Psychology 1 (Theory) 2023-24
Bangor University International College (Department)
Module - Semester 1 & 2
You will learn about the development of psychology as its own independent discipline, following the philosophical and medical history that lead us to become an independent field. From there you will explore several historical approaches to psychology that attempted to define the way that we view the mind and brain, and learn about some of the problems associated with them. Following from these approaches you will then look at some of the newer approaches that are still with us to this day.
You will explore the origins of anti-social behaviour, and whether these are learned from our environment, or are something we are born with. You will also explore several different classifications of memory that we have, and discuss whether our memory is as good as we think it is, especially when we are faced with stressful situations! You will learn about some of the biological components of the brain in an attempt to learn about some of the basic functions that we can point to, and what might happen when those areas are damaged. Finally you will look into two popular theories of development of our cognitive abilities - how do we learn from our environment?
Students are introduced to the historical approaches in Psychology: - Structuralism - Functionalism - Gestalt - Behaviourism - Psychodynamic / Freudian - Humanistic
Alongside modern approaches: - Cognitive - Social - Biological - Evolutionary - Developmental - Clinical - Forensic
Social Psychology: the main focus is on anti-social behaviour, especially aggression. - Social Learning Theory - Relative deprivation - Environmental stressors - Media influences being the most thorough review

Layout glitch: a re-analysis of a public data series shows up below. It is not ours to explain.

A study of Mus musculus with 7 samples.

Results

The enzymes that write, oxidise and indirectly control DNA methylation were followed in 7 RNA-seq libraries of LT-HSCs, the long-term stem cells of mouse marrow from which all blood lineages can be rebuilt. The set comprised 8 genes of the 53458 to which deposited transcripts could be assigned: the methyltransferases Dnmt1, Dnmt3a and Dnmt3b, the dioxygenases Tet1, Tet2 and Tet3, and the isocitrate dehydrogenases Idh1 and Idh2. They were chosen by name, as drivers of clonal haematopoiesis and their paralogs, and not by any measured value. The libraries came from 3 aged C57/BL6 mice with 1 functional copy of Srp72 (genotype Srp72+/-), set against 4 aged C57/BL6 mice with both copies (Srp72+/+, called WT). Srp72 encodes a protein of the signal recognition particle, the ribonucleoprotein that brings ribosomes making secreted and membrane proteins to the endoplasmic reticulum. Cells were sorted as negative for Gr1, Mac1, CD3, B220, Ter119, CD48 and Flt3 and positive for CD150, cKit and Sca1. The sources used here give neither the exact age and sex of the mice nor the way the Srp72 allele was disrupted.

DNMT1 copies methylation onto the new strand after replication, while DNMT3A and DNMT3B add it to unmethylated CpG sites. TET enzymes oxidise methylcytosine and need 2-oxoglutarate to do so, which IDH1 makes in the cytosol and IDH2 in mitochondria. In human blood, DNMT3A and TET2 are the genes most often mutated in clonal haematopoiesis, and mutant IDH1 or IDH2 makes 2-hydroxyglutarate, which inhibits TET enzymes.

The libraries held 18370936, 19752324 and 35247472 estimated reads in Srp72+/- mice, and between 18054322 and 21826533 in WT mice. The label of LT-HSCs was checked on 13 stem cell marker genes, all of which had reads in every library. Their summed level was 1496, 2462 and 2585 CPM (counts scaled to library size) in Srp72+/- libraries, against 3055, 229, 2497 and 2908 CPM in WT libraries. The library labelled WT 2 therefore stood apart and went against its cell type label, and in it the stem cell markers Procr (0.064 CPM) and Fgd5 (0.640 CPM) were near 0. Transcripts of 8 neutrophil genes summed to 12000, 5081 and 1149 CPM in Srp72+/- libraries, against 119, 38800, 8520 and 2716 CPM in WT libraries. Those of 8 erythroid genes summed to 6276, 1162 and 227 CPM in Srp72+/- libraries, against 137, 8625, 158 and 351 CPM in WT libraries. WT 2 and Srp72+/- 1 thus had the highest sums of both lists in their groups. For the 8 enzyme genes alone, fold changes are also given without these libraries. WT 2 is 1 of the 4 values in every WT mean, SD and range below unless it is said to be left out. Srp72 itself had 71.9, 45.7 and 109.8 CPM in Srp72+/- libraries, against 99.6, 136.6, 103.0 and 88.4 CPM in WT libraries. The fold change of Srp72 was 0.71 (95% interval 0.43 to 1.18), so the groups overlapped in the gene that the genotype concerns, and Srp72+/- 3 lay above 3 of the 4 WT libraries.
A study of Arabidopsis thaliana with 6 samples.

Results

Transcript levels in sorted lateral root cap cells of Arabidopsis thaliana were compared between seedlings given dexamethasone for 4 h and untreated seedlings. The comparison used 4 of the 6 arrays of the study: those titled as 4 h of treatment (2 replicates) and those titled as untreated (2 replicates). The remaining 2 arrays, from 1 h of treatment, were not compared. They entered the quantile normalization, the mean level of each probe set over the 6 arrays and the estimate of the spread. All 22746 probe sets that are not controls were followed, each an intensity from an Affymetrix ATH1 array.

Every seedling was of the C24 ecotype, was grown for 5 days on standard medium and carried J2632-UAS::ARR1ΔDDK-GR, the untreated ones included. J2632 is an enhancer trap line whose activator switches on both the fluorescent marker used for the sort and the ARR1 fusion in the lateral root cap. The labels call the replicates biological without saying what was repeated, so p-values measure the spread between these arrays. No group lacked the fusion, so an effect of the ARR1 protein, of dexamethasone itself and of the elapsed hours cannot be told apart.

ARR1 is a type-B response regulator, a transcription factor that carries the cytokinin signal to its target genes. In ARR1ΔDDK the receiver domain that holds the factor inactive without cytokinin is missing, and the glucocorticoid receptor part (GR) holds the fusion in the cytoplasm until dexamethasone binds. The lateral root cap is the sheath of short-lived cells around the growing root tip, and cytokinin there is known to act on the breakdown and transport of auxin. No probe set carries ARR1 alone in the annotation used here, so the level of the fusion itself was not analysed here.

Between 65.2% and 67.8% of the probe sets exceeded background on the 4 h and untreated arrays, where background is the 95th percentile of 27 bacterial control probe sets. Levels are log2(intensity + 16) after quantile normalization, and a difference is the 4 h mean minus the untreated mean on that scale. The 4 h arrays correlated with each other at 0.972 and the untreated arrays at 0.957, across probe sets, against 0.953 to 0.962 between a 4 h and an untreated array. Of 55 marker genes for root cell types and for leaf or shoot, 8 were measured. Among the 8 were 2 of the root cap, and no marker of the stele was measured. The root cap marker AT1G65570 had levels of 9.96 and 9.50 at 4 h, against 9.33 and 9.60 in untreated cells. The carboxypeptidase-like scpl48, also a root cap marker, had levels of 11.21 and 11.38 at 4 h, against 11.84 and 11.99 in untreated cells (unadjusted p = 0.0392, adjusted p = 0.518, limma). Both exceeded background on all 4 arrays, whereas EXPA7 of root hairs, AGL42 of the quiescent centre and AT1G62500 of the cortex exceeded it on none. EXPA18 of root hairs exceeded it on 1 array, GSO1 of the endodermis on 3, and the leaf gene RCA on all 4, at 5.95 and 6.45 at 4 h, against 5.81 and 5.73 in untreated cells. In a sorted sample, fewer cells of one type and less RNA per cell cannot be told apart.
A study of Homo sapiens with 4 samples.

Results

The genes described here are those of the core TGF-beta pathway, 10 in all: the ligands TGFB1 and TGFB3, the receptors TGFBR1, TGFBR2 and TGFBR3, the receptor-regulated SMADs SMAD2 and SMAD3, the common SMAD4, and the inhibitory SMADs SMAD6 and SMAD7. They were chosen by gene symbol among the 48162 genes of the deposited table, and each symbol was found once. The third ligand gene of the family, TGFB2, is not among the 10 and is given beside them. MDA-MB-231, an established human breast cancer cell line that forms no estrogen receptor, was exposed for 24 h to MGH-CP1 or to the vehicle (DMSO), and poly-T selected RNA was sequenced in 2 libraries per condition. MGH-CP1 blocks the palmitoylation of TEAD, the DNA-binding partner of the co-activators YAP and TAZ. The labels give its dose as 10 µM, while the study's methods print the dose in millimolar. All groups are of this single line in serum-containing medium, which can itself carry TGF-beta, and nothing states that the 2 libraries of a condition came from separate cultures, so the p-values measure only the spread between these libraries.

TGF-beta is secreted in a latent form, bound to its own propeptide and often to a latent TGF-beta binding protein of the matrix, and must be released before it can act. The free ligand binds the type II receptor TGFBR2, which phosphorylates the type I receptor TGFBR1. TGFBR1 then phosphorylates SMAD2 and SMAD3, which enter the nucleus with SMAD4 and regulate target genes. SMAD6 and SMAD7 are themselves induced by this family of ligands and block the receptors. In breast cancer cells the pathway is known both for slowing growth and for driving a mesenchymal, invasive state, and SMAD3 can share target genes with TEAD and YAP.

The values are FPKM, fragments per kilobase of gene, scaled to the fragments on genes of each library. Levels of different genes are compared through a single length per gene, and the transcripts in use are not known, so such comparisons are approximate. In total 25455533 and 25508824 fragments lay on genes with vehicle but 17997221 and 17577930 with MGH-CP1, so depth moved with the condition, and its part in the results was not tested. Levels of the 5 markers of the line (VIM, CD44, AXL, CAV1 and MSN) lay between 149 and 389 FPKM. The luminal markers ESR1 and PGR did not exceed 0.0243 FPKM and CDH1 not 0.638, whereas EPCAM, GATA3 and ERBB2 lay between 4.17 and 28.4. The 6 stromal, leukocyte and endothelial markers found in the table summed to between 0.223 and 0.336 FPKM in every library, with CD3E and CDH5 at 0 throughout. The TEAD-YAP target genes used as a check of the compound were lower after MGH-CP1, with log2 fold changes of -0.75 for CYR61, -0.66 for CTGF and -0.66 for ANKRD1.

Cognitive Psychology: the main focus is on human memory - Nature and structure of memory - Memory capacity, duration and encoding - Short and Long Term memory - Multi-Store Model - Working Memory Model, - Conscious (episodic/semantic) and unconscious (priming/procedural) Memory - Reconstructive memory and eye witness testimony.
Biological Psychology: the main focus is on learning structures: - Lobes - Lateralization - Neurons - Language Processing (Wernicke & Broca's Areas) - Language Deficits (Aphasia)
Developmental Psychology: the main focus is on Cognitive Development: - Piaget - Vygotsky
Students consider methods commonly used in undertaking research in Psychology and the ethical questions these raise.
Threshold (40-49% / D- to D+): Student has made sufficient progress in the study of this module to achieve the lowest level of pass allowing for progression onto an undergraduate degree.
Satisfactory (50 – 59% / C- to C+): Student demonstrates reasonably comprehensive coverage of learning outcomes, indicating generally accurate understanding, based on lecture material and some core readings. Some gaps in knowledge and/or understanding evident.
Good (60-69% / B- to B+): Student has displayed a sound basic knowledge and understanding of much of the material studied in this module and achieved a high enough grade to indicate a clear ability to cope with the demands of an undergraduate level degree.
Excellent (70% + / A- to A*): Student has engaged consistently well with all aspects of the module and strong achievement in assessments indicates the ability to perform effectively at undergraduate degree level.
- Demonstrate appropriate use of specialised language, terminology, and concepts of the subject.
- Demonstrate knowledge of the main theoretical approaches to the study of Psychology and of the subject’s development over time
- Discuss theories relevant to the modern field of psychology such as Social, Cognitive, and Developmental Psychology
- Explain how studies within Psychology can be applied to the resolution of problems for individuals or society
Essay discussing research reviewed in class in the realm of either Cognitive Psychology or Social Psychology.
Final exam covering all of the topics covered in the module; includes MCQs and short-answer questions.